November 4, 2012

Discoveries around "The Diet Cure"

I posted a while back about a fascinating book I read, "The Diet Cure" by Julia Ross. Ever since I read this book, I've made a number of discoveries about my health.
Inspired by the book, I was testing out several specific food groups to see if I had any adverse reactions to them. I did a week without refined sugar and white flour products, a week without any gluten products at all, and a week without dairy. At the end of the weeks without the specific foods, I introduced them back into my diet gradually in order to observe if any adverse reactions such as headache, weight gain, bloating, digestive complaints, etc. arose.
The first thing I discovered was that sugary and white flour products did have some slight to moderate reactions for me, including headache and some bloating. I also lost several pounds after the week without them.
Then I went on to "test" for a gluten reaction by eliminating all foods containing gluten (wheat, oats, and rye). At the end of the trial gluten-free week, I was expecting (perhaps dreading) bells and whistles when I re-introduced them (in the form of whole grains) back into my diet. But to my surprise there really were no noticeable symptoms. The same happened with dairy—no problems that I could notice. I was sort of relieved because wheat and dairy are big parts of my diet and I wasn't looking forward to possibly having to eliminate them. My naturopathic doctor isn't 100% convinced of my self-testing results because I did the tests one at a time rather than all together. But for me, it's a good start. I say this because when I first heard about checking for this kind of stuff, I was very closed off to the idea of an elimination diet. In fact, I remember almost laughing at my doctor when he suggested the idea.
Now, however, the few things I discovered about my reactions to refined sugar and white flour/rice products were enough for me to start making an effort to avoid refined sugar when possible and replace white flour products with whole wheat, and white rice with brown rice, etc. I'm happy with the results, and also knowing that I'm getting more fiber into my diet.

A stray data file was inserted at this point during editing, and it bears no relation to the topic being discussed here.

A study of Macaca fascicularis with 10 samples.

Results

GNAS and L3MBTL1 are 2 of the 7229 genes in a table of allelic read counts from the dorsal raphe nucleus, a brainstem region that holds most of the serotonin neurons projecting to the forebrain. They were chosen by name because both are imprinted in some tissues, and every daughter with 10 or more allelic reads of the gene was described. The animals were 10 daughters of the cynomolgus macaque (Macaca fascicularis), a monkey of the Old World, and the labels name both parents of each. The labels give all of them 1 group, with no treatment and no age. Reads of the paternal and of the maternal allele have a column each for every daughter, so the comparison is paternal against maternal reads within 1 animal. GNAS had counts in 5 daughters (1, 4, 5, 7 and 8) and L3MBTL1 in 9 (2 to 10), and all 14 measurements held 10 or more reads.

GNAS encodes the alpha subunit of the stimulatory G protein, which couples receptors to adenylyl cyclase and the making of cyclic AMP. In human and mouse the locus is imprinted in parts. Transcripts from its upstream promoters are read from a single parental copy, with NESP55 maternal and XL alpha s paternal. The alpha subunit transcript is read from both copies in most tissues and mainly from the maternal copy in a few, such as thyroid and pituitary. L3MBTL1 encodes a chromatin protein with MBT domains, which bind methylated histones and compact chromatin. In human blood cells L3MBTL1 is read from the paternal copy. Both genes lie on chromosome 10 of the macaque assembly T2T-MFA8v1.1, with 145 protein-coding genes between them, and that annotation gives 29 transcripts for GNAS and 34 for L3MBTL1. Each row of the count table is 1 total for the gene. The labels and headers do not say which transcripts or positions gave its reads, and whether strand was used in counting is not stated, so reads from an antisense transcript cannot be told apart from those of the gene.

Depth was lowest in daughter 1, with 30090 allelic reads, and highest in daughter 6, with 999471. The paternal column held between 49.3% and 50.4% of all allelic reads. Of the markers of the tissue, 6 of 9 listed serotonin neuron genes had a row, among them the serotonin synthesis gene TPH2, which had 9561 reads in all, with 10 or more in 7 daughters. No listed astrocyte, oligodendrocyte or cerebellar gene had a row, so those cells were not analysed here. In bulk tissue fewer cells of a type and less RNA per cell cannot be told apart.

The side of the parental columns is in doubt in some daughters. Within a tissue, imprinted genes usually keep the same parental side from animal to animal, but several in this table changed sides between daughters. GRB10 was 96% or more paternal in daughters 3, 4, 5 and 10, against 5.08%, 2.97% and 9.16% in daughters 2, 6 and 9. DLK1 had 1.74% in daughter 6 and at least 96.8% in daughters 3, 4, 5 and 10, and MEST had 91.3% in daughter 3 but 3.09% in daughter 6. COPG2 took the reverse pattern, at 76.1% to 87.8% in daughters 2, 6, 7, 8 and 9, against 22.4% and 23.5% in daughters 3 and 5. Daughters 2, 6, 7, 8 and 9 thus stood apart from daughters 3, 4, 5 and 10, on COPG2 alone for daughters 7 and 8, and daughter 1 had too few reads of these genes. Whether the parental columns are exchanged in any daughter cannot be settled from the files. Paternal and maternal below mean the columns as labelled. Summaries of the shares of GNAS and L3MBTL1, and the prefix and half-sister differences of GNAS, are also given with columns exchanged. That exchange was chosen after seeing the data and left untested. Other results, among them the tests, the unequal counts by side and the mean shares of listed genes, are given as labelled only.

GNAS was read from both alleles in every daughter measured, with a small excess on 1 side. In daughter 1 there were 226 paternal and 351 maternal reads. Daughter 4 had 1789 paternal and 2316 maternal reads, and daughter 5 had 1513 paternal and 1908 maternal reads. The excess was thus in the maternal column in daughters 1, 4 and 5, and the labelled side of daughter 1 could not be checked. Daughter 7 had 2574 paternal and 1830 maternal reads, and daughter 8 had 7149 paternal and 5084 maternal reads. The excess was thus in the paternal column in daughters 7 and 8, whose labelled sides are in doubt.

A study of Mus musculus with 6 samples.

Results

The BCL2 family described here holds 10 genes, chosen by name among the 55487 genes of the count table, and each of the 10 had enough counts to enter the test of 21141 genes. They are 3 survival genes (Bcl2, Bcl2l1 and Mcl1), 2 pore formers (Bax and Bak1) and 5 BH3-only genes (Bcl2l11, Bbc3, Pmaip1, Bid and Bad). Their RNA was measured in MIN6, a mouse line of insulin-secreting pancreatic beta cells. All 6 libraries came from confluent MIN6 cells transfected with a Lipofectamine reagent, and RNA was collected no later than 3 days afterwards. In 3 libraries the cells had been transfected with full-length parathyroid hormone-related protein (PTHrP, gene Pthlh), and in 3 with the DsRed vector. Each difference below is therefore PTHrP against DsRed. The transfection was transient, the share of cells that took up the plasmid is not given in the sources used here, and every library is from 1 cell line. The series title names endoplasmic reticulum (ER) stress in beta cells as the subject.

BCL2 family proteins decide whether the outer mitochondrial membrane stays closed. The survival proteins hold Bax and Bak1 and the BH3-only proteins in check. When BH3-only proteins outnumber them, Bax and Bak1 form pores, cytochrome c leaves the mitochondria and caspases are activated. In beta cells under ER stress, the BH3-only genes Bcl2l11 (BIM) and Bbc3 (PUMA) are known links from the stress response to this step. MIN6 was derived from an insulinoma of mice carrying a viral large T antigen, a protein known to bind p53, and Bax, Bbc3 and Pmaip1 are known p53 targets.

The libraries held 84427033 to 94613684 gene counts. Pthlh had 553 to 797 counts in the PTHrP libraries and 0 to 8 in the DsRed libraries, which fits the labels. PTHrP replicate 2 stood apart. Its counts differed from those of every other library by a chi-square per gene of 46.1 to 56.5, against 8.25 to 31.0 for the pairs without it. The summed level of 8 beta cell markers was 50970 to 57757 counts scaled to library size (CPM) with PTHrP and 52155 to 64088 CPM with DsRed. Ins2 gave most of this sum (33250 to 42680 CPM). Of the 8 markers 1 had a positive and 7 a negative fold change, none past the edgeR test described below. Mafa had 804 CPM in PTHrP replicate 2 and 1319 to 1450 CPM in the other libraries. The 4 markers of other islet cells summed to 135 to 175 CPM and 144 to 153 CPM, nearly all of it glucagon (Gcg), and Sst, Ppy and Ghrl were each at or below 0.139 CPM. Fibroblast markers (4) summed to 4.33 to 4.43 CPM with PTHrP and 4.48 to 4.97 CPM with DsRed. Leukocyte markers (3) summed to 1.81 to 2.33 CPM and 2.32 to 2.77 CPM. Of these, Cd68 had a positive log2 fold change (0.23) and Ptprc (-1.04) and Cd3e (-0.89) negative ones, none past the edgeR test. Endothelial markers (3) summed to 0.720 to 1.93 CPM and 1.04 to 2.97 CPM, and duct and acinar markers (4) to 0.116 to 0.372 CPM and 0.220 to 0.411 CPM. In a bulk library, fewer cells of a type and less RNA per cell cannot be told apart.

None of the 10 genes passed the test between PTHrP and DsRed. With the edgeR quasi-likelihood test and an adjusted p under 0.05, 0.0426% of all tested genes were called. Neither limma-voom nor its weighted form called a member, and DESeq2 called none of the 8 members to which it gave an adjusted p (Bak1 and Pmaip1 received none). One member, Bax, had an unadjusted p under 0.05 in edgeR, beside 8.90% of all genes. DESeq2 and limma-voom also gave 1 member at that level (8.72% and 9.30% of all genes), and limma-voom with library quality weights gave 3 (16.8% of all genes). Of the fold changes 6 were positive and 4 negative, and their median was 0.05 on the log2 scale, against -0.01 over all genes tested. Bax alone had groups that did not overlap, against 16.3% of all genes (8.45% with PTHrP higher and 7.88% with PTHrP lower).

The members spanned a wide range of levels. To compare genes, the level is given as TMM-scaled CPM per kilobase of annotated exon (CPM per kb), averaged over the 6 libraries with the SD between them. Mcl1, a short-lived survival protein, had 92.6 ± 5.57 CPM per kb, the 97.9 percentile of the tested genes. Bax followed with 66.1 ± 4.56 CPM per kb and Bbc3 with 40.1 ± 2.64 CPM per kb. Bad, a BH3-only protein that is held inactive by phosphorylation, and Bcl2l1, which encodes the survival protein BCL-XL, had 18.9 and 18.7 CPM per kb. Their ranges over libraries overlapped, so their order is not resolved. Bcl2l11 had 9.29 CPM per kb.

I'm also interested in doing a week without corn, to see what happens.
Perhaps the most interesting discoveries were two things I found out about myself around the time of this self-testing. In her book, Ross suggests that once your diet is balanced in favor of proteins and vegetables, with just enough healthy carbs and fats for satiation, the pounds should begin to melt off. The caveat is that this can only happen if you're biochemically stable. And should the initial weight loss peter out (or never occur), you might need to get checked out for imbalances such as low thyroid. I noticed my weight loss occurred when I removed the refined products from my diet, but then tapered off. It didn't bug me too much because I am more in favor of exercising than dieting, but it did catch my attention.
It just so happened that I had decided to get my thyroid levels checked during my yearly checkup, around the time I had finished this elimination diet. When I went to discuss the results with my doctor, he told me I had thyroid dysfunction. I was sort of shocked because I've been getting my thyroid checked for years because both my parents have low thyroid, and I've always tested normal. But according to my doctor, it's often underdiagnosed, and in my case, although my T3 and T4 levels are normal, it's the TSH (thyroid stimulating hormone) that's too high—working harder than it ought to trying to stimulate an underactive thyroid, in his words.
There's more: he ordered a test of my cortisol levels, which apparently are also connected to thyroid function. I just found out that they came back "low," but have yet to discuss the implications of the results with my doctor. Rather than feel upset, I'm actually relieved that there may be some underlying reasons for my sluggish metabolism (and my cold extremities, and possibly even joint pain among other things). I'll have a lot to learn about how all these puzzle pieces fit together: diet, metabolism, hormonal levels, stress. But I'm up to the challenge and grateful to have found a practitioner who seems to be willing to think outside the box and find the root of the problem (finally).